Immersive experiences are the foundation of VR’s growth and devs or creators continue to find ways to keep the illusion from being broken as long as they can. Controller input is one of the biggest offenders when it comes to this, but the team behind CaptoGlove is utilizing our natural gestures to keep players engaged.
The glove is equipped with many sensors and can track the movement of your wrist and the individual fingers. It also has a customization tool to make a large number of gestures work in many different ways for any experience. We got a chance to try out a demo at E3.
The CaptoGlove was fully funded on its Kickstarter campaign and is already making its way into the homes of those that supported it during the campaign. It also made it onto our list of the best hardware we saw at E3 and I go into detail on my experience with the device. In that piece we noted:
Once I got my bearings with the glove, which I was wearing while mimicking the action of holding a helicopter’s control stick, I flew closer to the ground and between buildings. The accuracy and response time allowed me to maneuver deftly, an impressive feat in DCS World for sure. The creators of the tool have plans to add haptic sensors to the base glove in the future, so we could be witnessing an affordable and functional new step for immersive input in VR.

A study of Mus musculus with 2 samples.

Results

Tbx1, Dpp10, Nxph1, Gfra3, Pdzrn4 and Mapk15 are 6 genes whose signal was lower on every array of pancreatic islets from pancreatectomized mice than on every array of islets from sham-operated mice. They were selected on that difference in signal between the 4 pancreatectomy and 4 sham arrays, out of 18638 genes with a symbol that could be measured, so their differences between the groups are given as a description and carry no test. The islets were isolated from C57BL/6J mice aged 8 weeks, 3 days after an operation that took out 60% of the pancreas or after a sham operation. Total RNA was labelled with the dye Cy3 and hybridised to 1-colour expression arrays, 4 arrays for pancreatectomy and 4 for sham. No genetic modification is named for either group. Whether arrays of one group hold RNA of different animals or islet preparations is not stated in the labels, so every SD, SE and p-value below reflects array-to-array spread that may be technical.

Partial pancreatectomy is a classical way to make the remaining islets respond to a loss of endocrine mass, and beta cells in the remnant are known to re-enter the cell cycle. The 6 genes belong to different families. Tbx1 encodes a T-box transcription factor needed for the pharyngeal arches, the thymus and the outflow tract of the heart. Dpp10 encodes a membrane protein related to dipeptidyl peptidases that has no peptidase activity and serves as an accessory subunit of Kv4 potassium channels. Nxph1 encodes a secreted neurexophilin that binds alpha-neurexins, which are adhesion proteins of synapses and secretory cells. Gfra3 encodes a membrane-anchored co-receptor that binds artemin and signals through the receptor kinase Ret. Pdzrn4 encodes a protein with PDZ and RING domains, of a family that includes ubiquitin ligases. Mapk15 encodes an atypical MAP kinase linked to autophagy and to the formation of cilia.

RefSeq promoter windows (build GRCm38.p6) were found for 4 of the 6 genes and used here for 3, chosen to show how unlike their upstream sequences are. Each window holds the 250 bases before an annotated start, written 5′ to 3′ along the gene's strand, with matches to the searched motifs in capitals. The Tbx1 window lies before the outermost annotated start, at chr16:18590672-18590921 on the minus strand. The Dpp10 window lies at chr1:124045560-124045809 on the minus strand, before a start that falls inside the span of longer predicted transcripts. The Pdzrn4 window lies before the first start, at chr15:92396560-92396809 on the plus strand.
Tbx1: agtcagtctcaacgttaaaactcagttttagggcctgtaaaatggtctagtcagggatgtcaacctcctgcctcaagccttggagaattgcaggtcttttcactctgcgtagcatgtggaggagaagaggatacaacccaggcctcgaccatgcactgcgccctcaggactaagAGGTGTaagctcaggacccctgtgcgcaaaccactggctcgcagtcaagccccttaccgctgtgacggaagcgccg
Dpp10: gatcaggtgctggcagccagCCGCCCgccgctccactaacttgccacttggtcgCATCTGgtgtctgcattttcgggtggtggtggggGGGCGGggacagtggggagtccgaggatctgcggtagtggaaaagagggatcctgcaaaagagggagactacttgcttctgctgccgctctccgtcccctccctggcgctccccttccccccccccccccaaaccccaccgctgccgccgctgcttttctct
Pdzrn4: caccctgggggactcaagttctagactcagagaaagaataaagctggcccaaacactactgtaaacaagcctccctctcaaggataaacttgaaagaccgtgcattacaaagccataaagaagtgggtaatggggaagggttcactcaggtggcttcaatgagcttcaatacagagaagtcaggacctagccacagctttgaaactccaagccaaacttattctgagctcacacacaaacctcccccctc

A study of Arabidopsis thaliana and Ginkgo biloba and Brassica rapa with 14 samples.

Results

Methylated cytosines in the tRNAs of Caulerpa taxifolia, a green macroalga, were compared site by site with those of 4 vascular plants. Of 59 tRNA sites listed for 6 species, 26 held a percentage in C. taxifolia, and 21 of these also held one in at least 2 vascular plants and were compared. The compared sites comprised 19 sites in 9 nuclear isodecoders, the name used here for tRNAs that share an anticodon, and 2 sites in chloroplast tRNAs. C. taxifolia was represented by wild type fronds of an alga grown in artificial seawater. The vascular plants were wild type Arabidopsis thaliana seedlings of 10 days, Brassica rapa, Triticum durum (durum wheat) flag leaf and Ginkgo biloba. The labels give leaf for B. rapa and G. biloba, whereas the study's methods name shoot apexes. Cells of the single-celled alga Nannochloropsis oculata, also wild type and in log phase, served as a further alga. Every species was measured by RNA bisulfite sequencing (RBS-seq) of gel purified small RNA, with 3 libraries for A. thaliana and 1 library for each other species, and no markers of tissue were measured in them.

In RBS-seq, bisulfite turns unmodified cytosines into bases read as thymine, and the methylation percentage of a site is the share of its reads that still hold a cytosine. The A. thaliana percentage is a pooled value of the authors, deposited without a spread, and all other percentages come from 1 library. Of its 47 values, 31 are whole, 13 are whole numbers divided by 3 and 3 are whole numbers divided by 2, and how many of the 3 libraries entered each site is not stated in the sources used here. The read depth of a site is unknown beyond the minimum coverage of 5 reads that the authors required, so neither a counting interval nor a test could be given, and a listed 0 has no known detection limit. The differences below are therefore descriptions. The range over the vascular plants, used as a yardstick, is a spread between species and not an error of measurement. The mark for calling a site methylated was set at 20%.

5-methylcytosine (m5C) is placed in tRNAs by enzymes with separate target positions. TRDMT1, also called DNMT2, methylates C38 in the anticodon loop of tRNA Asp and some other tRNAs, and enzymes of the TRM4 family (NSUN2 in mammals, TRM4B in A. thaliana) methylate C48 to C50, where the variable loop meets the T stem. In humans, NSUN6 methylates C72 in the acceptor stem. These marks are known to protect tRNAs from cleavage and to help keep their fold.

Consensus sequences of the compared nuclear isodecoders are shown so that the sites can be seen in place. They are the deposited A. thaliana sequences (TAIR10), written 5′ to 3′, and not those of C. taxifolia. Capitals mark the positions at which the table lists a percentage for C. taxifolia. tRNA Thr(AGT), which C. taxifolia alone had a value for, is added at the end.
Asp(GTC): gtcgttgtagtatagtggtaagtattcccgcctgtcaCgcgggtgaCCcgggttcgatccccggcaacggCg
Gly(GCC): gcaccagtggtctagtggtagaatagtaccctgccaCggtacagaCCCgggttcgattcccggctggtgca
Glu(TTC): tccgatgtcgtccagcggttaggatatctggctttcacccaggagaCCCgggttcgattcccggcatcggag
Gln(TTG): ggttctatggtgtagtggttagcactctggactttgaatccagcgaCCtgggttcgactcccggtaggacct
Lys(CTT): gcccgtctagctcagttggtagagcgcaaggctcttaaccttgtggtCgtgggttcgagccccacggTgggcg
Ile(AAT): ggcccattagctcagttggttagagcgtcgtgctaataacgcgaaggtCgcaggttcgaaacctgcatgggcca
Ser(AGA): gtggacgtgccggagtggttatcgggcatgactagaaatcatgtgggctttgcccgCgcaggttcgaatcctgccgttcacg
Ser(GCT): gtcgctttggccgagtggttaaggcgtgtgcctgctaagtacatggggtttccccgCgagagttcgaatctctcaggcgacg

To clarify further what “got my bearings with the glove” means, I initially was thinking of the CaptoGlove’s input in the wrong way. I moved in wide, sweeping moves as if using a large joystick. I realized that the movements weren’t really met with great degrees of input and realized that the glove itself wasn’t being tracked by anything outside of the glove. So I adjusted my strategy, keeping my arm in the same place but turning and tilting with my wrist in more controlled motions and that got a much better and accurate response in the game.
The glove gets as warm as any glove normally would and was quite comfortable throughout the demo. It wasn’t so comfortable that you forget you’re wearing one, but you won’t find yourself getting tired of it with extended play. Further, the glove is designed practically with individual sensors that can be removed with ease if they have to be replaced. The same functionality that allows for that type of repair also opens up the door for updates to the glove without having to buy a new version altogether, an element explained to me by a rep at the demo. There are plans to add a haptic feedback accessory and, though that is still far off.